OAKLAND -- Armrests are out. Bike racks and poles are in. Seats will be wipeable. And seniors and disabled people get their own special color.

BART passengers will get all this and more when the new railcars in the "Fleet of the Future" start rolling in the Bay Area, the agency's elected board heard Thursday.

The first test cars are in production and scheduled to arrive in June 2015. The first 110 will go into service by early 2017.

The interior design is the culmination of thousands of riders' comments, a seat-testing laboratory and the desires of board members and staff, BART Chief Marketing Officer Aaron Weinstein said.

Among the new railcar's features:

  • Seating for seniors and the disabled is chartreuse -- that color halfway between green and yellow -- while the standard seats are traditional BART blue, and the floors are dark gray.

  • Digital screens offer a split-screen, real-time "You Are Here" map and a "Next stop" announcement in multiple languages.

  • High-tech door seals will cut back on interior noise.

  • Low-profile separators will be installed between the seats rather than armrests, which are uncomfortable for large people, restrict movement between the aisle and window seats, and eliminate extra seating space for small children. Armrests may remain on seats near doors, where passengers could slide off when trains speed up and slow down.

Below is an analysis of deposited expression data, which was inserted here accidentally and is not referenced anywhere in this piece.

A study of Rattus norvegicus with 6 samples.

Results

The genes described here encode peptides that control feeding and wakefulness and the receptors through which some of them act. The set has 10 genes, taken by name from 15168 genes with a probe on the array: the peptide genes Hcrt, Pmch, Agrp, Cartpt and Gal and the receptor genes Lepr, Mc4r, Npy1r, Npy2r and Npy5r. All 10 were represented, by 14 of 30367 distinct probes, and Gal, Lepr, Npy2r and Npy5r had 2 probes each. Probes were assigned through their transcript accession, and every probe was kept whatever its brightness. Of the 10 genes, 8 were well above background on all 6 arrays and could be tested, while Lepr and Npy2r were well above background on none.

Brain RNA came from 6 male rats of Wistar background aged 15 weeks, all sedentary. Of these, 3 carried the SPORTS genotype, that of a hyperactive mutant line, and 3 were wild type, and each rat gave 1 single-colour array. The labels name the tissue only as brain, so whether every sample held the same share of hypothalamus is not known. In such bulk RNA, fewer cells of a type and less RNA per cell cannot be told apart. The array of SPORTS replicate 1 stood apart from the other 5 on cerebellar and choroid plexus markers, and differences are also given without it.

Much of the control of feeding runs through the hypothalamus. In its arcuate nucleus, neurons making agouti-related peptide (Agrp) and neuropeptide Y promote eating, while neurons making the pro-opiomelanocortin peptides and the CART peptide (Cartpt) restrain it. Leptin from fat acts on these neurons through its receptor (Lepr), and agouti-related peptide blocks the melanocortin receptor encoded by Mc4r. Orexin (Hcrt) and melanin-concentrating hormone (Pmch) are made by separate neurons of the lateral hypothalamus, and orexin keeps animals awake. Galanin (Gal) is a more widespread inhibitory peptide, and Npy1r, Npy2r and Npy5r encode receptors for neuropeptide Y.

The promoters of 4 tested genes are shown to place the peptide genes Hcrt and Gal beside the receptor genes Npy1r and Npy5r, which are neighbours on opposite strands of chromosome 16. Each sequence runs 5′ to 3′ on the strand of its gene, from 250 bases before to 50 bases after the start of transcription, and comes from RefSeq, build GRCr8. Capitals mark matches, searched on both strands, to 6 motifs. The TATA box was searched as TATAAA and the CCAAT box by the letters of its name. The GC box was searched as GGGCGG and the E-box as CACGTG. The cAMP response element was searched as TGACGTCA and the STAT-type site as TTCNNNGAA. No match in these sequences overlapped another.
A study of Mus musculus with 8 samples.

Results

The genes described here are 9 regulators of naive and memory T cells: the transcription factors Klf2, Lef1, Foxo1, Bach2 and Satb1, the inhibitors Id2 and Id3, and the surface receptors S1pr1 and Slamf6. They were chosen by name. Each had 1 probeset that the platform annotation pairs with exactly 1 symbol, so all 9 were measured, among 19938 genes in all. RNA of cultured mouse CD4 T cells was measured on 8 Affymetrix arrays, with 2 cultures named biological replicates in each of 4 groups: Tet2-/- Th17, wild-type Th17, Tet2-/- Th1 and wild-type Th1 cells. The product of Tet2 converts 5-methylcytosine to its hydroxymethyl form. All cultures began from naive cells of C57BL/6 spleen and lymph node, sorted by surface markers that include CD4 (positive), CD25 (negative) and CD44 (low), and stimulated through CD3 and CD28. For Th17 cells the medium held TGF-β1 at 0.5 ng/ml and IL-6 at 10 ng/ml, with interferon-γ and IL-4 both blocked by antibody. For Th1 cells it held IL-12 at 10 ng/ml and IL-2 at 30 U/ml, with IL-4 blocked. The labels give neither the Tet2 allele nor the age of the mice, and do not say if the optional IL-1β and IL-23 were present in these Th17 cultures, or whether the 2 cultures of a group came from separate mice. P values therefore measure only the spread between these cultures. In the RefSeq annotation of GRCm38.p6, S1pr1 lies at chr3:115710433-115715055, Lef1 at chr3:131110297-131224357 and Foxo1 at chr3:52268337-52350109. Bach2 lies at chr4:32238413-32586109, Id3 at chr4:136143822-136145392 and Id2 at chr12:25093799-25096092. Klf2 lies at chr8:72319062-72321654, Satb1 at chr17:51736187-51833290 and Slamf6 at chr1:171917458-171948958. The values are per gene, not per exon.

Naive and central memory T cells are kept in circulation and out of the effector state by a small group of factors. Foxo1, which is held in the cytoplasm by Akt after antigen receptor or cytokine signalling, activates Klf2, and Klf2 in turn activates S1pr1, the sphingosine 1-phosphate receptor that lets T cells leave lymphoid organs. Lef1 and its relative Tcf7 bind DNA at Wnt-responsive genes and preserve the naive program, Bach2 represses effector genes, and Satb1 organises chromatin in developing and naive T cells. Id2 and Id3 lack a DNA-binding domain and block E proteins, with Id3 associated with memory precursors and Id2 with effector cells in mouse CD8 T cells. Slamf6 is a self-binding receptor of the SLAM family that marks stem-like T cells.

• Seat upholstery will be easy to clean and be constructed with medium-density foam cushions and a contoured seat back with lumbar support.

  • More room is available under the seats for carry-on bags.

  • Floor-to-ceiling poles will give passengers something to hold while cars start and stop. But they will be spaced to provide adequate room for wheelchairs.

  • For the most part, the nine-member elected BART board liked what it saw.

    But the bike rack remains a contentious amenity.

    The new design includes one, although the agency has abandoned the idea of installing adjacent flip-down seats that could be used when no bicycles are on board. It could generate unwanted conflict, Weinstein said.

    BART cars are already crowded; the new cars will have five fewer seats than the old ones, and the racks take up the equivalent of three additional seats, said BART directors Gail Murray of Walnut Creek and Zackhary Mallet of El Sobrante.

    "My constituents have told me they want a seat," Murray said. "We should look at something other than these racks that take up so much space."

    Bike proponents on the board argue that BART already allows bikes on trains, and the racks are safer than propping them up along the aisles or against the walls.

    And since many of BART's parking lots routinely fill up, the rail service needs to encourage cyclists, BART Director Rebecca Saltzman of Oakland said.

    The BART board and the riding public will have an opportunity to see a full-size railcar prototype in April. BART plans to purchase 1,000 railcars through 2023.

    Contact Lisa Vorderbrueggen at 925-945-4773. Follow her at Twitter.com/lvorderbrueggen.